Help with nonhomogeneous linear equation

In summary, the conversation discusses a boundary-value problem y''+vy=0 with specific conditions y(0)=0 and y(L)=0. It is shown that for v=0 and v<0, the only solution is y=0. For v>0, the solution is y=c1 cos sqrt(v)x+c2 sin sqrt(v)x. The conversation also mentions a nontrivial solution for v>0 and provides an incorrect attempt at solving it.
  • #1
(a) Show that the boundary-value problem y''+vy=0, y(0)=0, y(L)=0, has only the trivial solution y=0 for the cases v=0 and v<0.

I get (a), but I don't know how to do (b)

(b) For the cases v>0, find the values of v for which this problem has a nontrivial solution and give the corresponding solution.

Basically, I get the y=0 for (b) again. And this is wrong, but I don't know what is wrong.
r^2+v=0
r=+-sqrt(v)i because v>0.
Then y=c1 cos sqrt(v)x+c2 sin sqrt(v)x
From y(0)=0 & y(L)=0, I get the same answer as (a)...
 
You have:
[tex]y(x)=c_1 \cos (\sqrt{v}x) + c_2 \sin (\sqrt{v}x)[/tex]
and
[tex]y(0)=0[/tex]

Which very conveniently leads to something.

From there, you can use
[tex]y(L)=0[/tex]
to figure out something about [itex]\sqrt{v}[/itex]
 
  • #3
I got c1=0, and c2=0
But they're not right..
 
  • #4
...
 

Related to Help with nonhomogeneous linear equation

What is a nonhomogeneous linear equation?

A nonhomogeneous linear equation is an equation in which the terms involve both a dependent variable and its derivatives, as well as a constant term. It can be written in the form: y′′ + p(x)y′ + q(x)y = g(x), where p(x) and q(x) are functions of x and g(x) is a function of x only.

How can I solve a nonhomogeneous linear equation?

To solve a nonhomogeneous linear equation, you can use the method of undetermined coefficients or the method of variation of parameters. In the method of undetermined coefficients, you assume a particular form for y(x) and solve for the coefficients. In the method of variation of parameters, you assume a particular form for the solution and then use a variation of the constants to solve for the coefficients.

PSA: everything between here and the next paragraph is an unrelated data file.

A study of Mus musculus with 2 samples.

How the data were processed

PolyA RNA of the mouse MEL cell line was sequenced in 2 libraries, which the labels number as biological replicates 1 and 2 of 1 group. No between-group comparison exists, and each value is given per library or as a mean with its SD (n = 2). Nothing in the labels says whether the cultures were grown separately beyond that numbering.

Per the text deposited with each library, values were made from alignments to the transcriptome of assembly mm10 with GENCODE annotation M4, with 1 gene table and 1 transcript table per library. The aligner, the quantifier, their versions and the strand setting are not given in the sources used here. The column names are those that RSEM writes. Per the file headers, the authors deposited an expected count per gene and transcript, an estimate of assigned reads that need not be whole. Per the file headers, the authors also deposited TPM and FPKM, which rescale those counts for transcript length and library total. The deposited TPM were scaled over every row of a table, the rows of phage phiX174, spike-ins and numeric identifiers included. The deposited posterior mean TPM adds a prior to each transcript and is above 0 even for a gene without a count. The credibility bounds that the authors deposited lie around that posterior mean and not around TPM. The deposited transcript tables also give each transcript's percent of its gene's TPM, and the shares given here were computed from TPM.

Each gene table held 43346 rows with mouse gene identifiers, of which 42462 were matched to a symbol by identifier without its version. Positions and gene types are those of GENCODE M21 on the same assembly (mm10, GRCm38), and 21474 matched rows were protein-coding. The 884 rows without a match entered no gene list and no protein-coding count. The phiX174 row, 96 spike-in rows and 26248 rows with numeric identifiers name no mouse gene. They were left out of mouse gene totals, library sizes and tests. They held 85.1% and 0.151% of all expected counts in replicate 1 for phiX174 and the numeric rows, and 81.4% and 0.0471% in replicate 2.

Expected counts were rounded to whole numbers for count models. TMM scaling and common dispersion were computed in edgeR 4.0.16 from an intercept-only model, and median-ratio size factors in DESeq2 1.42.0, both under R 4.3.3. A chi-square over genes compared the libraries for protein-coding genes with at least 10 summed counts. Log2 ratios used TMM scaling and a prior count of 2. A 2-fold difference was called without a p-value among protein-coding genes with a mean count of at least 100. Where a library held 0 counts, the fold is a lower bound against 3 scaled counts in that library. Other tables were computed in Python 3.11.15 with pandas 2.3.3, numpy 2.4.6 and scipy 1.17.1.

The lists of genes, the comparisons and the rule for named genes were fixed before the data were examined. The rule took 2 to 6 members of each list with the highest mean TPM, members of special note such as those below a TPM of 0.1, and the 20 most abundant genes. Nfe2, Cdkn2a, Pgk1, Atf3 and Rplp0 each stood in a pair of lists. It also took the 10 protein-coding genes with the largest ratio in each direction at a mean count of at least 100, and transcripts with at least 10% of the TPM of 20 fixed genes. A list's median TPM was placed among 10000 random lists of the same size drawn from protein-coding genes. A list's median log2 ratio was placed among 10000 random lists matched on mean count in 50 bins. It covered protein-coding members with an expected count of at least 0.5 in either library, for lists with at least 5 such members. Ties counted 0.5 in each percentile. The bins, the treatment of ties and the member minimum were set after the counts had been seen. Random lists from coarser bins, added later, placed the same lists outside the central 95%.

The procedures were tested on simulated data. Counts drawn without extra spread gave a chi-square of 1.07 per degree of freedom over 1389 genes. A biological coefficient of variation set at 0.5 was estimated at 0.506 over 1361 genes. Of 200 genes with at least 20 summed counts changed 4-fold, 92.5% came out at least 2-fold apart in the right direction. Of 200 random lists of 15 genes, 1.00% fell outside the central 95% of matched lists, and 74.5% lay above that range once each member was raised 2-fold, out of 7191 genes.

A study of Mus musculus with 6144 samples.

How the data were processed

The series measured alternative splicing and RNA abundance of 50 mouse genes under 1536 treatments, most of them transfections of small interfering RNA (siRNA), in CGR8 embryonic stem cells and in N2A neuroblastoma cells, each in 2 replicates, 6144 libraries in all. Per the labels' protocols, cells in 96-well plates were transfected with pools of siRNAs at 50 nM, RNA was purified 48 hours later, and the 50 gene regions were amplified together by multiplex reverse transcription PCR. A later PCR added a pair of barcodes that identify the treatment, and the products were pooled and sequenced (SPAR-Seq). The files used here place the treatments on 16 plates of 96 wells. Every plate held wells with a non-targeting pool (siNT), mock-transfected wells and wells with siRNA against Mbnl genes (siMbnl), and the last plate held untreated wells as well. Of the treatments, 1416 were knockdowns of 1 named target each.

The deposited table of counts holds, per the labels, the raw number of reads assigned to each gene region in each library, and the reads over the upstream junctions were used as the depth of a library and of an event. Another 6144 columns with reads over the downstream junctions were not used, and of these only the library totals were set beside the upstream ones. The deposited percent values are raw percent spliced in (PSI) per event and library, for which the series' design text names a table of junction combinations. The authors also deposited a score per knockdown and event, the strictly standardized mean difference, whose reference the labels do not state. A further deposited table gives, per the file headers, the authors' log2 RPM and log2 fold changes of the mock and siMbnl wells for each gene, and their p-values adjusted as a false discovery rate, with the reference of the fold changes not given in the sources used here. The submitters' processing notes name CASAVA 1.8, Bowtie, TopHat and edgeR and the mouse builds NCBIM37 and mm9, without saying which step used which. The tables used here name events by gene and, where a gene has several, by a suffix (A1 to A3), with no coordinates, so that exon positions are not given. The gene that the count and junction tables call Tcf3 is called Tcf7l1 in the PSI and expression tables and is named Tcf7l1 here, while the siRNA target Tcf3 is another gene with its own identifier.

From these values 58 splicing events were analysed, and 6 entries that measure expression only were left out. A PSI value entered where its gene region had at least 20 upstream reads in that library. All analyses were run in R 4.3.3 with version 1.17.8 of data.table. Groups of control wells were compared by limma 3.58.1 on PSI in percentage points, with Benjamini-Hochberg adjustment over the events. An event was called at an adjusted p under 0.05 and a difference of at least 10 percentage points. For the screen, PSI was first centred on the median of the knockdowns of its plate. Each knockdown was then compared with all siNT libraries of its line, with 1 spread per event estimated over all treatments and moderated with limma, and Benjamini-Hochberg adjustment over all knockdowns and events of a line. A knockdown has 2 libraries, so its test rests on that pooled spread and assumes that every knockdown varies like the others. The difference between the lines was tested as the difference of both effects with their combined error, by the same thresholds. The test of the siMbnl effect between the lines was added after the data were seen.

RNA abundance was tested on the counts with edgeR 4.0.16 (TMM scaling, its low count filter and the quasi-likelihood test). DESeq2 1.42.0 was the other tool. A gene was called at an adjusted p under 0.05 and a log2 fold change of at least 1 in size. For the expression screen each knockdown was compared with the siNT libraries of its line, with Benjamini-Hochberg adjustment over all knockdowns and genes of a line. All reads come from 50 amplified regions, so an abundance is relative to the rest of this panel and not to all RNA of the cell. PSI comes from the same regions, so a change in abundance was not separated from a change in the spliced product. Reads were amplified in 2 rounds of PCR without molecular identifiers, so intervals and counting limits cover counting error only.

What are the applications of nonhomogeneous linear equations?

Nonhomogeneous linear equations have many applications in physics, engineering, and economics. They can be used to model and solve problems involving motion, heat transfer, population growth, and more. They are also used in signal processing and control systems.

Can a nonhomogeneous linear equation have more than one solution?

Yes, a nonhomogeneous linear equation can have infinitely many solutions. This is because the general solution of a nonhomogeneous linear equation includes both the complementary function (the solution to the corresponding homogeneous equation) and a particular solution (a specific solution to the nonhomogeneous equation). Therefore, the general solution can be written as y(x) = yc(x) + yp(x), where yc(x) and yp(x) are the complementary function and particular solution, respectively.

What is the difference between a homogeneous and nonhomogeneous linear equation?

The main difference between a homogeneous and nonhomogeneous linear equation is that the terms in a homogeneous equation do not include a constant term. Therefore, the general solution of a homogeneous linear equation only includes the complementary function, while the general solution of a nonhomogeneous linear equation includes both the complementary function and a particular solution.